Safeguarding students online slips through the cracks

  • Safeguarding students online slips through the cracks

Ofsted’s guidance says that students should be educated in identifying online risks, but what this actually means in practice however is unclear and often ineffective. In the mean time, young people are suffering from cyberbullying, sexting, security violations and worse at an unprecedented rate.

By the time a child reaches secondary school, most will been effected by at least one of these issues. According to a recent survey by the Institute of Public Policy Research (IPPR), seven in ten secondary school teachers say they have encountered cyberbulling or trolling amongst their pupils, while two in five have encountered sexting. We would argue this to be far higher.

As a social media safety organisation, we at Digital Awareness UK [] speak to children on a daily basis - some who have landed themselves in life-threatening situations by engaging with paedophiles online, others who have sadly tried to take their own lives as a result of severe cyberbullying.

One thing is certain, these children rarely look to schools for help and support. From the extensive experience we have working on the ground, we believe that rightly or wrongly, this is because they don’t think a teacher is knowledgeable enough to truly understand how to help them navigate their way out of a social media crisis.

We beg to differ. Teachers are perfectly placed when it comes to helping to safeguard young people in all aspects of their lives. They just need some time and support to get skilled up on social media safety.

As a team of social media specialists – YouTubers, hackers, developers, bloggers etc - who work in schools day-in-day-out just focusing on social media safety even we struggle to keep on top of the latest trends on how young people are using social media. How can you expect teachers, who are already stretched to the limit to know how Snapchat works and what the associated risks are in using it?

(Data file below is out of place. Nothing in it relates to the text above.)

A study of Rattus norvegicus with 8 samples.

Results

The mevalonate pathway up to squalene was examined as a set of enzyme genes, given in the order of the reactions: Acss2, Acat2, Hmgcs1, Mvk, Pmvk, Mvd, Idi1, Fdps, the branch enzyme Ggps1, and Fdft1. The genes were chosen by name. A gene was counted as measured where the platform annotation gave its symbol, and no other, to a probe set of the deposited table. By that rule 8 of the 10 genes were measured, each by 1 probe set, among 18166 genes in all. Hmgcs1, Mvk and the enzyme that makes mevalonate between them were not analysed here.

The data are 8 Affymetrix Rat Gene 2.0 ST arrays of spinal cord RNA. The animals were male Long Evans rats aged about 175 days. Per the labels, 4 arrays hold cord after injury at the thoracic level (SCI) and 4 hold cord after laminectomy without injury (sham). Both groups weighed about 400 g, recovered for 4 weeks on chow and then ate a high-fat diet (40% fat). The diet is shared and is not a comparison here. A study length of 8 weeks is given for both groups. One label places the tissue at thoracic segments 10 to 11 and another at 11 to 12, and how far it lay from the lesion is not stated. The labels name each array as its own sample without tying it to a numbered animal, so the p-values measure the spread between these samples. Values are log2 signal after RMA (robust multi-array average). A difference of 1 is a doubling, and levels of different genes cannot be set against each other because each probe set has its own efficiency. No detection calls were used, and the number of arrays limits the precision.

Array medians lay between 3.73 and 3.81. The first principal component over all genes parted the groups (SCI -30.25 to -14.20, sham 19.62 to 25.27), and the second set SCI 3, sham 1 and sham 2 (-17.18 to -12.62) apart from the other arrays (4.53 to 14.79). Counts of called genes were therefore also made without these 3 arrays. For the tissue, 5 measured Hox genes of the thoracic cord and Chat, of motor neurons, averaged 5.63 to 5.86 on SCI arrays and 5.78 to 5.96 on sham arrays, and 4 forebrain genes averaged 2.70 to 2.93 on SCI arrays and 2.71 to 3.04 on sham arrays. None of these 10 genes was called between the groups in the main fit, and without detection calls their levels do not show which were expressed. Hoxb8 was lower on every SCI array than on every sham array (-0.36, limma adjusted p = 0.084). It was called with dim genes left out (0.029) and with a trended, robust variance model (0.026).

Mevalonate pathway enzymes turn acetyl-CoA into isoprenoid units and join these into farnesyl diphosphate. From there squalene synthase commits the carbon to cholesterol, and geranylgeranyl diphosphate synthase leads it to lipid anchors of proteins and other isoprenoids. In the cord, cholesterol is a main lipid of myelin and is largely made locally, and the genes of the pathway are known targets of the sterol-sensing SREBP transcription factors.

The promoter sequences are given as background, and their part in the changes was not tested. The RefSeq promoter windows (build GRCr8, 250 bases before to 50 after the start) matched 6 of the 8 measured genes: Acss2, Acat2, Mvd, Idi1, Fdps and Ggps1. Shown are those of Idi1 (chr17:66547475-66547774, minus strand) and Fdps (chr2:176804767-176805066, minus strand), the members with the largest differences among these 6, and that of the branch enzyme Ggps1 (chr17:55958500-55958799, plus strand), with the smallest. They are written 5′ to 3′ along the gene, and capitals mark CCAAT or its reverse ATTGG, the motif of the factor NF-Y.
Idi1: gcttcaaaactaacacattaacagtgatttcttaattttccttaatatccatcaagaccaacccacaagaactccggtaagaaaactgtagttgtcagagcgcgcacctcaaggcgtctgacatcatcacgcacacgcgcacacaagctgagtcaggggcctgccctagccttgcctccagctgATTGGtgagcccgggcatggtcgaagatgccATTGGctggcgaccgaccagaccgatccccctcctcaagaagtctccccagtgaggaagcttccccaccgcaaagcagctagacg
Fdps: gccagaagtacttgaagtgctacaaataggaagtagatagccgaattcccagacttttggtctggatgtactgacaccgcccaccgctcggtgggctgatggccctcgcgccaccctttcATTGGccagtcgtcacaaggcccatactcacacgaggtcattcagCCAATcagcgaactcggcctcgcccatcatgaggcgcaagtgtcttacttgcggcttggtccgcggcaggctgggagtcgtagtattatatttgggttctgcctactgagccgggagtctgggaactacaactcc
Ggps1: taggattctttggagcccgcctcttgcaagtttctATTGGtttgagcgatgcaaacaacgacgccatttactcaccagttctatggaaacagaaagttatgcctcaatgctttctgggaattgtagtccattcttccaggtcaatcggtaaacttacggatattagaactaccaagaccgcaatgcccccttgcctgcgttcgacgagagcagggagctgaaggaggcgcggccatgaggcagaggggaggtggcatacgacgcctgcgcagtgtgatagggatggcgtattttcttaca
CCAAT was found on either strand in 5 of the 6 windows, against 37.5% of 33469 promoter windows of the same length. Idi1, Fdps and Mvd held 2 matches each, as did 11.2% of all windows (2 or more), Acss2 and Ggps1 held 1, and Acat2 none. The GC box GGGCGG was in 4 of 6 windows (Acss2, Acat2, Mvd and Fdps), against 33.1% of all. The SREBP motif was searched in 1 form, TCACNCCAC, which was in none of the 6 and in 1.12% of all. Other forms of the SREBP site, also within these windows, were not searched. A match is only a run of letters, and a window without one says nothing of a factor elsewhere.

There is often a huge disconnect between what teachers think their pupils are doing on social media versus what’s actually happening. Teachers are often surprised when in our workshops we discuss; the extent of desensitisation to abusive language as an outcome to live chat on Xbox Live or how savvy they are when it comes to understanding how to override parental controls or set up multiple anonymous social profiles to bypass adults – let alone feel empowered to lead those conversations.

More needs to be done by Government in this space to help safeguard our children and empower our teachers. This can only be achieved through clearer guidance from Ofsted and greater investment in educating teachers, students and parents around safe and responsible social media use.

At Digital Awareness UK we deliver online safety workshops, coffee mornings with parents, bespoke CPD training and social media policy development for schools. You can find out more at

Emma and Charlotte Robinson, co-founders of Digital Awareness UK, are speakers at the Sunday Times Festival of Education on June 18-19.

You can follow Emma and Charlotte on Twitter @DigitalSisters.